Poverty-related attainment gap in schools won't be closed by Education Scotland officials spouting ridiculous 'educrap' – Cameron Wyllie
All the way through these five idyllic days, I knew that on the train home I was going to read the recent report of the Scottish Parliament’s Education Committee.
I was reminded of this on every London Underground platform, when rather posh voice intoned “Mind The Gap”, where the word “mind” means ‘be careful of’ and “the gap” is the space between the train and the platform, but I of course took it to be an instruction not to forget the poverty-related educational attainment gap in Scotland, the removal of which has been, since 2015, a stated priority of the Scottish Government, a priority which they have signally failed to achieve. This report will not help.
It is 68 pages long but I had plenty of time to digest it, along with the not very nice LNER ‘Tuna Crunch’ sandwich. My reaction must have startled my fellow passengers, consisting as it did initially of some derisive laughter, then cursing, then a lapse into incoherent despair as we rolled along towards an overcast Edinburgh.
It’s a depressing read, with some astonishing moments of hubris from some individuals and institutions whose views were sought, with others – headteachers, unions, third sector organisations – desperately trying to explain just how difficult conditions are for teachers and schools in 2022.
Remember, this is a committee of ten people, five of whom are from the SNP; its concerns are, in truth, probably more moderately expressed than they might be.
Still, they do say this: “The committee notes that the Attainment Challenge has been in place since 2015 and during that time many new interventions have been adopted, adapted and, in some cases, abandoned."
Remember that each of these ‘interventions’ is another straw on the headteacher’s back and that each uses up valuable cash. What heads need is less governmental ‘intervention’ and more autonomy and time to think for themselves, their staff, their school and the kids they teach.
Right at the start of the report, it speaks of the challenges schools face with recruitment and retention of heads, quoting a survey of depute headteachers of primary schools where only 18 per cent said they were keen to become headteachers. That is a jaw-dropping figure and its implications are terrifying.
The report rightly calls for protected time for teachers, parents and pupils to determine the spending of pupil equity funding (PEF) in consultation with headteachers. I will believe that when I see it. Currently, headteachers don’t have protected time to discuss anything, including their own stress and that on colleagues, which is responsible for so much staff absence.
How about this: don’t go ahead with the planned ‘reforms’ of Education Scotland, just shut it down and use some of the £38 million saved to fund retreats for senior staff to consult with each other about PEF and the attainment gap directly. Former Education Scotland staff – those who are appropriately qualified and fit enough – could be employed, at appropriately reduced salaries, to provide cover.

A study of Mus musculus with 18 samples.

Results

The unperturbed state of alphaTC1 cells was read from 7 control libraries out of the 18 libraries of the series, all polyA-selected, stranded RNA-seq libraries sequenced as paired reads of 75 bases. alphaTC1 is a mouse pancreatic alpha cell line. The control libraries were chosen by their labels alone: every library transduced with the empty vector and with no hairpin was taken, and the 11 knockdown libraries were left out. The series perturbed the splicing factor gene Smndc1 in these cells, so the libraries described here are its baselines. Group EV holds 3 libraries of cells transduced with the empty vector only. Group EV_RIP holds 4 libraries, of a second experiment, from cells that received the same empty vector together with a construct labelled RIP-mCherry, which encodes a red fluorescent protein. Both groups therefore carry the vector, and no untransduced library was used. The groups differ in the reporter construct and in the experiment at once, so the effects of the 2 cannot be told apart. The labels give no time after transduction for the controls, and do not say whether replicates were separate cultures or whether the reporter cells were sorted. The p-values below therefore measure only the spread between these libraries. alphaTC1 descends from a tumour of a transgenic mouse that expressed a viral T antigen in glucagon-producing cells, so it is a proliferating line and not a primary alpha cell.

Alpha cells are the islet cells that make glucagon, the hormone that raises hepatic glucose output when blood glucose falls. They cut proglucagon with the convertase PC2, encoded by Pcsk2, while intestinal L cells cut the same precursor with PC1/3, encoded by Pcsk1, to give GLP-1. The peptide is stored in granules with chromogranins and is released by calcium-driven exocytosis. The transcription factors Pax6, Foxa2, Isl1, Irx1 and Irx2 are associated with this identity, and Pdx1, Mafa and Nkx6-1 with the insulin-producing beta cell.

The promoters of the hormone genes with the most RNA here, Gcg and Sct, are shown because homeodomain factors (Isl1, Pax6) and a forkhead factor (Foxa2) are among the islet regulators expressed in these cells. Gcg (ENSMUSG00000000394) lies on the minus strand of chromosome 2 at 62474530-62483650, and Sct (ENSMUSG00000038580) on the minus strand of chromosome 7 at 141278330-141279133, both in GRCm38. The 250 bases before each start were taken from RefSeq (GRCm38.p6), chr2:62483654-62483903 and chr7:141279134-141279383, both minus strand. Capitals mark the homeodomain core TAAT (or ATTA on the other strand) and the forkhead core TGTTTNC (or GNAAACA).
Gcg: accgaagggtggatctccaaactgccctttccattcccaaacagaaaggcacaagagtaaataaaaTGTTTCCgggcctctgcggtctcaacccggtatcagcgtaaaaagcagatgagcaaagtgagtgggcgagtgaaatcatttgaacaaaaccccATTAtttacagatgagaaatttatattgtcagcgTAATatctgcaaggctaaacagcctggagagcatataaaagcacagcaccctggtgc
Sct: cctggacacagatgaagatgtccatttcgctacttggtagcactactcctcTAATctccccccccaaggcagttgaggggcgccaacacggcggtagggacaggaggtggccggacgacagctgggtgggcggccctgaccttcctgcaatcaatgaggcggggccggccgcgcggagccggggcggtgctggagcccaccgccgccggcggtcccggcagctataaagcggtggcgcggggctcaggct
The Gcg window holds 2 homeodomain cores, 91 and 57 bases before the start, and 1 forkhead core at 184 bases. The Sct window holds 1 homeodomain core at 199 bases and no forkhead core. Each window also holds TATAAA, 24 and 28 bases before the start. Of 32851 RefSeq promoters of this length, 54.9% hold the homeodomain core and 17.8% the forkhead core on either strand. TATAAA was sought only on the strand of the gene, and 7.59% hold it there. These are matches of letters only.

The report quotes Professor Mel Ainscow of the University of Glasgow as quite rightly saying headteachers want more autonomy over funding decisions – “we need to give teaching back to teachers” – but for all the talk about “consultation” there is precious little evidence of this happening.
In essence, there are two huge problems with the report. Firstly, it is content to lay much blame for the failure to make any advances in educational improvement on the pandemic.
Well, certainly the Scottish Government’s response to the pandemic has been a setback, because the schools remained closed for far too long, and online education and ‘home schooling’ quite obviously advantaged middle-class, particularly privately educated, children.
This was an absolutely transparently obvious outcome from the outset of lockdown. The lives of our young people have been adversely affected in so many ways by keeping the schools closed, but none more so than the most disadvantaged among them.
The second is that the report is largely written in a language best characterised as ‘educrap’: "The committee notes the plan for stretch aims to be set at local authority level and for this to be aggregated into national targets.” What does that even mean?
But my favourite comes from an “Education Scotland Attainment Advisor”, describing the move away from “Challenge Authorities” towards the new “Strategic Equity Fund”, which will (apparently) lead to “a motorway of sustainability and intervention that brings us to a place where we have a solid and embedded approach.” Presumably the previous years have been a 32-car pile up in deep fog. We are paying for this, people!
Is it just too simple to say that the root causes of poverty need to be dealt with at source while heads and teachers and schools, unencumbered by initiatives and interventions, strive to provide the best possible education for all their pupils? I believe that is the way to close the poverty-related attainment gap.
Essentially, the gap which should worry Shirley-Anne Somerville isn’t actually poverty-related, it’s the gap between the fantasies in the heads of Education Scotland officials and the reality of Scottish education as it faces the long winter ahead.
There needs to be radical change in the way Scottish Education is run; meanwhile the Education Committee seems happy enough about overseeing yet more messing about.
Cameron Wyllie’s book ‘Is There A Pigeon in the Room? My Life in Schools’ is published by Birlinn. He writes a blog called A House in Joppa
Want to join the conversation? Please or to comment on this article.